Infrastructure investor Bioenergy Infrastructure Group (BIG) is to mothball its Hoddesdon-based energy-from-waste plant in another blow for the UK’s beleaguered waste-gasification sector.
EWB understands that while the plant and another EfW facility owned by BIG, Energy Works (Hull), were declared operational last May, Hoddesdon underperformed on both the quantity and quality of waste it was able to process.
When it was originally developed the plant was due to have a capacity of 10MWe and process up to 90,000 tonnes a year of refuse-derived fuel, however, EWB understands the “operational” plant did not get near to either of these.
A spokesperson for BIG confirmed to EWB: “Hoddesdon Energy Limited (HEL) has reached agreement with its contractor bringing to an end both the engineering, procurement, and construction, and operation & maintenance contracts of the EfW plant at Hoddesdon.”
The spokesperson confirmed HEL was also “evaluating several options” for the future of the facility, which will be “placed in preservation from March 2022”.
A source with knowledge of the project, who asked to not be named, said staff were told the plant will close in the next few weeks and will not reopen.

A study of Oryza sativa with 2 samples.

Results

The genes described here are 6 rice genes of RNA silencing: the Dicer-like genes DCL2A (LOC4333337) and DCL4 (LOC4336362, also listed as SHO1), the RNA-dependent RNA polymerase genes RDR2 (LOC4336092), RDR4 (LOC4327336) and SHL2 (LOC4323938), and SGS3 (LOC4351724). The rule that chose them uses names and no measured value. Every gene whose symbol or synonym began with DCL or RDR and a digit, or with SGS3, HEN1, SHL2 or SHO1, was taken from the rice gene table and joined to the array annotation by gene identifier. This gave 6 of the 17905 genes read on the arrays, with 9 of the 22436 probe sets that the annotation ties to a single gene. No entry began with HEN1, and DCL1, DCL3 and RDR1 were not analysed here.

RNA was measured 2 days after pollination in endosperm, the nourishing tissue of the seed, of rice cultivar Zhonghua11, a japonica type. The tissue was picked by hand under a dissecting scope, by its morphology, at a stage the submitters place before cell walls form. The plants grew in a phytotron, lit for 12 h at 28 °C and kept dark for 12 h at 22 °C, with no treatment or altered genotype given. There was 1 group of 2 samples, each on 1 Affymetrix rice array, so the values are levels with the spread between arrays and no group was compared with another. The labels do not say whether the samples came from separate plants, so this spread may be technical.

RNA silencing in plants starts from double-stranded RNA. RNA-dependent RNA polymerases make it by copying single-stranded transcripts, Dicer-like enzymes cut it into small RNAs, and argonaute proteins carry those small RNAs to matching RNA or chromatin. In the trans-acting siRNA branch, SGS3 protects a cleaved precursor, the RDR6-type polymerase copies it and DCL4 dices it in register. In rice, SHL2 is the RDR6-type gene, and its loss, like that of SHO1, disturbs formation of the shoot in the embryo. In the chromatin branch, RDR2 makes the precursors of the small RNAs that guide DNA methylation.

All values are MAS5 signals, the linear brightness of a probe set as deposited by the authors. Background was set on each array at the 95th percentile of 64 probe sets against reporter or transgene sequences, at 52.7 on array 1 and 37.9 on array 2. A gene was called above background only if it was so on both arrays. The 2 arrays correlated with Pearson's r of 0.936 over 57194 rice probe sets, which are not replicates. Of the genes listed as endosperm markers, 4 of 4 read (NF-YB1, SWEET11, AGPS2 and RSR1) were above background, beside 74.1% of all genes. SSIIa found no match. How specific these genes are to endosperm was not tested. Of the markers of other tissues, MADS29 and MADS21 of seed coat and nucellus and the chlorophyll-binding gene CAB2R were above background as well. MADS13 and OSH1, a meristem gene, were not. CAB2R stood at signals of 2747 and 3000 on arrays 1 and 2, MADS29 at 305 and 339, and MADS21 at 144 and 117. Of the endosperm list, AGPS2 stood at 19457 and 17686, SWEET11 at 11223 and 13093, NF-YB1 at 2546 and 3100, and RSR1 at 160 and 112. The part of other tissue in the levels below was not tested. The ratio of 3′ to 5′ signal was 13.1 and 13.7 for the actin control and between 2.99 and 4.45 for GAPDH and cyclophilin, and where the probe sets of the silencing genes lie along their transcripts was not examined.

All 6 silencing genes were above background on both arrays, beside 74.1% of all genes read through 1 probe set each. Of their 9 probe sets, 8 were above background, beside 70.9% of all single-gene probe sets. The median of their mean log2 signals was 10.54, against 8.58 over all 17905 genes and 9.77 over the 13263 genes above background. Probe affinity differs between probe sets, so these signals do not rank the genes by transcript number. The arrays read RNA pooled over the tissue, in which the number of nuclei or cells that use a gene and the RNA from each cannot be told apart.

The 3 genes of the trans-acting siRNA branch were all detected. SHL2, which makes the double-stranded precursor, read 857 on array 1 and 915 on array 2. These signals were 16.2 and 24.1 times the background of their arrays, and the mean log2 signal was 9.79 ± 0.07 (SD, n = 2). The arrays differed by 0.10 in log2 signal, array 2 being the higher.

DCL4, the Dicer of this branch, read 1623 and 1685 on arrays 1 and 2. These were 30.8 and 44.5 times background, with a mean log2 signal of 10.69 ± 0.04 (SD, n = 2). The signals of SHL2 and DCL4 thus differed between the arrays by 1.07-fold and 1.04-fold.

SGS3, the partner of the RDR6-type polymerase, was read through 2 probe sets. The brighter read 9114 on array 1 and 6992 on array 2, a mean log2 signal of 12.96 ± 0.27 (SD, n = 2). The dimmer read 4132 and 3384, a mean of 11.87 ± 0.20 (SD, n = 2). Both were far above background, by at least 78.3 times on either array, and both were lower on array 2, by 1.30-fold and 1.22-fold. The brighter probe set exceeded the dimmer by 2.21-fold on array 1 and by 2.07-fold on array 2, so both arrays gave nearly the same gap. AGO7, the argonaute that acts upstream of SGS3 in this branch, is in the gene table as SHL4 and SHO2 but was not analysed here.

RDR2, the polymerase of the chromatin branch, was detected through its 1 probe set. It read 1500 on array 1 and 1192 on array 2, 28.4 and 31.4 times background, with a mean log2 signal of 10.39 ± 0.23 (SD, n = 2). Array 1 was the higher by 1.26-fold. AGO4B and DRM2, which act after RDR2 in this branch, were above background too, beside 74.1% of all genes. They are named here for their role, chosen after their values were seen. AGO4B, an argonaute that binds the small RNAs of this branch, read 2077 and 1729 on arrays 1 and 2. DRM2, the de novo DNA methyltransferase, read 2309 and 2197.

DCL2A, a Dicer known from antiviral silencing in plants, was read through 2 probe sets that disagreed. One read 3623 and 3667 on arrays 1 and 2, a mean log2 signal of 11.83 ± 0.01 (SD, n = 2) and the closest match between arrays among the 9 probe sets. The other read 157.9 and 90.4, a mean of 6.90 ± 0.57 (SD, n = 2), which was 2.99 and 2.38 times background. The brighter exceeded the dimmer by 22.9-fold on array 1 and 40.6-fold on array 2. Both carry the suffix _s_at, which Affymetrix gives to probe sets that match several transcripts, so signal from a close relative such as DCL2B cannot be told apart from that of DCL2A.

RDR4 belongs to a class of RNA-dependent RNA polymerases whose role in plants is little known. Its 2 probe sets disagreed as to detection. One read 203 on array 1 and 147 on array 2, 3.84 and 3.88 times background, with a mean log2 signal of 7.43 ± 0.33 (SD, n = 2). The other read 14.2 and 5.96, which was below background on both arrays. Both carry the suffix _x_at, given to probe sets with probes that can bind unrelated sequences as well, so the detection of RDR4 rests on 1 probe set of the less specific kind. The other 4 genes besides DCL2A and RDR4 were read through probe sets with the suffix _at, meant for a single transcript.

EWB further understands the cost of repairs and changes needed to get the facility up to full capacity were too great.
BIG told EWB in the summer of 2020 that the facility was back on track, with builders France-based Bouygues Energy & Services at that point “tuning the plant and working through snags” with its gasification technology.
However, since then EWB understands that the problems have persisted with the equipment not working to the expected standard and the cost of correcting the issues considered too high given there was no guarantee the problems would be fixed.
The plant started construction in 2015, with Bouygues Energies & Services winning the build contract, and was due to be operational in the first half of 2017. However, in the end it was quietly confirmed as operational four years later in 2021, when EWB checked on its progress.
The facility was initially developed by developer AssetGen Partners, before being taken over by BIG. AssetGen Partners was dissolved last year.
Back in 2015, investment fund Foresight and the then-called Green Investment Bank (GIB) backed half of the £60m (€82m) development in Hoddesdon, which was at that point set to be the UK’s first waste-gasification facility.
Hoddesdon has sadly joined the increasing list of failures alongside Air Products, which failed to complete two waste-gasification projects in Billingham, to the north of Middlesbrough, in 2016.
And Resource Recovery Solutions (RRS), a joint venture between construction firm Interserve and waste business Renewi, has so far failed to commission a waste-gasification facility. However, plans to get the Derby EfW plant operational are continuing.
Many other projects initially developed with the intention of using gasification technology have switched to traditional grate-based systems.
One is the Northacre EfW plant, which is also part-owned by BIG. EWB first reported in March 2020 that it would not be developed with the gasification-technology it had been consented with.